Tuesday, April 27, 2010

Frederic Bastiadass

Bastiat is without a doubt my favorite writer of popular economics. Sure he never really provided any original contributions to the science, but his uncanny ability to bitchslap economic illiterates with the error of their ways had more of an impact on public understanding of basic economics than a million arcane books and academic journal articles.

Bastiat was pretty much the George Carlin of 1800s France: A brilliant, badass, sarcastic, quick witted, rhetorical genius with no patience for stupidity or crackpots. A righteous econ-warrior who was always willing to take on spreaders of economic fallacies and disinformation in glorious intellectual battle.

Bastiat would take a bad argument, like the case for protectionism, and run with the flawed logic of its proponents. He knew the arguments of the protectionists better than the protectionists themselves. He would extend their case out to its logical extreme and reveal the patent absurdity behind asinine ideas like prohibiting voluntary trade between nations, and he would do it in a way that turned the whole exercise into a joke on the protectionists. It takes a special kind of brilliance to not only demolish your opponents arguments, but also to do so in a way that makes people laugh and think.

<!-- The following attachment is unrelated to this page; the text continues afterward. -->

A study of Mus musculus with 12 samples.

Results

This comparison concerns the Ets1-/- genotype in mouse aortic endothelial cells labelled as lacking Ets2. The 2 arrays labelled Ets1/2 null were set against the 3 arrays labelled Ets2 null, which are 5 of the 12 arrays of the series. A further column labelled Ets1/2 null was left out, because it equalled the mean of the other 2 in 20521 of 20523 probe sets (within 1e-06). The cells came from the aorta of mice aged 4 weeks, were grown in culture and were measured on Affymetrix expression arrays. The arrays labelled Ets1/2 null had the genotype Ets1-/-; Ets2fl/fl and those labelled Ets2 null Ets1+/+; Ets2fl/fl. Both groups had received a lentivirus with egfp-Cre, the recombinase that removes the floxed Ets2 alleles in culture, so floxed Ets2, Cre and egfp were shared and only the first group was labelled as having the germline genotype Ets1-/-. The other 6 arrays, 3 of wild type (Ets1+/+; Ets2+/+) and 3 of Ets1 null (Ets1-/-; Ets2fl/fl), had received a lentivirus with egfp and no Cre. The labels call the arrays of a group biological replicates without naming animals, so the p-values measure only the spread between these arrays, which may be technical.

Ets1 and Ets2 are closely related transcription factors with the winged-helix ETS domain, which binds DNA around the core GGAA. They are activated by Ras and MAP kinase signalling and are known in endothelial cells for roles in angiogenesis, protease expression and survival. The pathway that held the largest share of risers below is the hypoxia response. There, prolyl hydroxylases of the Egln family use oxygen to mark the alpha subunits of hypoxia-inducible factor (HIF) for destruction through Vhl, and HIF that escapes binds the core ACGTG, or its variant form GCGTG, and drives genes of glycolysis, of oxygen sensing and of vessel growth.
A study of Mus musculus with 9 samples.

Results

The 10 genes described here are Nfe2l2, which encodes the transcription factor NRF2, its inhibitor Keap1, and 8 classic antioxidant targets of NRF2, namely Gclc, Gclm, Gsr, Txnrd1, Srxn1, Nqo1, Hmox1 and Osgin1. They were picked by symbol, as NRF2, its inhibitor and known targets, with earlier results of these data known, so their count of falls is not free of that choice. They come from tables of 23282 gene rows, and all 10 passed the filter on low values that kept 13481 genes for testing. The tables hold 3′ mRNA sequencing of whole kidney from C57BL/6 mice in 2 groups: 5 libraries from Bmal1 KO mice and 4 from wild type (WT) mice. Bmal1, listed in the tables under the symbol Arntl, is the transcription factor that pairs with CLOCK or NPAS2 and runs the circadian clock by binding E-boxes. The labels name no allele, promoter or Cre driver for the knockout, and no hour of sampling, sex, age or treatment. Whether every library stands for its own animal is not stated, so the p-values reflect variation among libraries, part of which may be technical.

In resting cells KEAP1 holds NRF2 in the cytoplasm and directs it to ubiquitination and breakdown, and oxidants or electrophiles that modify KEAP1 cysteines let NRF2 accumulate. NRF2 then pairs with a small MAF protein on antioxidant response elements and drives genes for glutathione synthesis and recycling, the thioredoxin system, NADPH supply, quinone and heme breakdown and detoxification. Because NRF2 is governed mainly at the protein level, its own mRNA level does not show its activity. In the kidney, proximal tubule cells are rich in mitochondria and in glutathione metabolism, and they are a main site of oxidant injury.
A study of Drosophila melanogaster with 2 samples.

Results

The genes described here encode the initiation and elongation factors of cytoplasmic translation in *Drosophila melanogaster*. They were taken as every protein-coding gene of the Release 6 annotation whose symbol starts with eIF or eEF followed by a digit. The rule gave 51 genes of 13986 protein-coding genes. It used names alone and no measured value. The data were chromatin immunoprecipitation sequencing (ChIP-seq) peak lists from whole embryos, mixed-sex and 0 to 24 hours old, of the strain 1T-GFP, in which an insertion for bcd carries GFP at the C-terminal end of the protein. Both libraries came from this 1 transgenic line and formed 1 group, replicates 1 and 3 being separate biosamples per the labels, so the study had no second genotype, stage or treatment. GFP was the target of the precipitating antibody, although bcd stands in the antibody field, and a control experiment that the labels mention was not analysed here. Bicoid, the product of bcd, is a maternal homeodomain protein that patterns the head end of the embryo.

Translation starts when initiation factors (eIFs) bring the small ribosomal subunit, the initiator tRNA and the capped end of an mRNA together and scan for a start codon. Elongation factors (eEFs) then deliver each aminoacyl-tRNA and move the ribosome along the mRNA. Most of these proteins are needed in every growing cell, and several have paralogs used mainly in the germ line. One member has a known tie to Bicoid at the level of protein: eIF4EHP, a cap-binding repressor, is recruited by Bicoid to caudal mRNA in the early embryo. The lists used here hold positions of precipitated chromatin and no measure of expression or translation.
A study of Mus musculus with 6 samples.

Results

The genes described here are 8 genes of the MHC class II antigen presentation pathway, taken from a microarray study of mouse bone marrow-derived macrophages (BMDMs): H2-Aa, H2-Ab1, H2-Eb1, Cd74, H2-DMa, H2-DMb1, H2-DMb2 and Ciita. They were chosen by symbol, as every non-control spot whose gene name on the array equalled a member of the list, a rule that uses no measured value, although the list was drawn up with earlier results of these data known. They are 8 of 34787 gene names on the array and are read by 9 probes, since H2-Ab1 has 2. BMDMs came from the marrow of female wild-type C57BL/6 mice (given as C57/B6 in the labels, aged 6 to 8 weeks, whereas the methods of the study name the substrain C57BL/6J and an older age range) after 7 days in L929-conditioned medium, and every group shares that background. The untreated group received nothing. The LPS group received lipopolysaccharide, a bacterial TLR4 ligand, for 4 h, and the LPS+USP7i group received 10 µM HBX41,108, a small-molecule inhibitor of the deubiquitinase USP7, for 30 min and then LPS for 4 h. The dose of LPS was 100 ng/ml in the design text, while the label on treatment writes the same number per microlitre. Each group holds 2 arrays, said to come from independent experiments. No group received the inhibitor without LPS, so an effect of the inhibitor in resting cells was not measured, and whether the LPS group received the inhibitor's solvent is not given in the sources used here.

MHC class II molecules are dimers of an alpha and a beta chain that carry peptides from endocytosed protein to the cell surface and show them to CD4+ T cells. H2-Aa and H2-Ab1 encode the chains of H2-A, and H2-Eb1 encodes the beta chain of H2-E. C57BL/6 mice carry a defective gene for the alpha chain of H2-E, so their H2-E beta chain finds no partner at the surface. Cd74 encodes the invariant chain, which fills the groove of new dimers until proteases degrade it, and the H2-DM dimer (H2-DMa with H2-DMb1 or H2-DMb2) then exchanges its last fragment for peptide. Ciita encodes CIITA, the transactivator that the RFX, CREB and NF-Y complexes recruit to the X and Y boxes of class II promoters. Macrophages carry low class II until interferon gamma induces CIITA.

Bastiat's Sophisms is like a textbook for deconstructing almost every boneheaded economic fallacy one can come across in public discourse. Combine The Petition's deconstruction of protectionism with the "succinct and flawless argument" of the "Iowa car crop" and you've got the world's  best argument for free trade in under 5 pages.

Protectionism destroys wealth, trade is a form of technology, and the idea that Americans should "buy American" is as morally repugnant as the idea that whites should "buy white". Those three simple facts turned me onto economics back in the day and remain the three most powerful arguments in favor of free trade that I've ever encountered.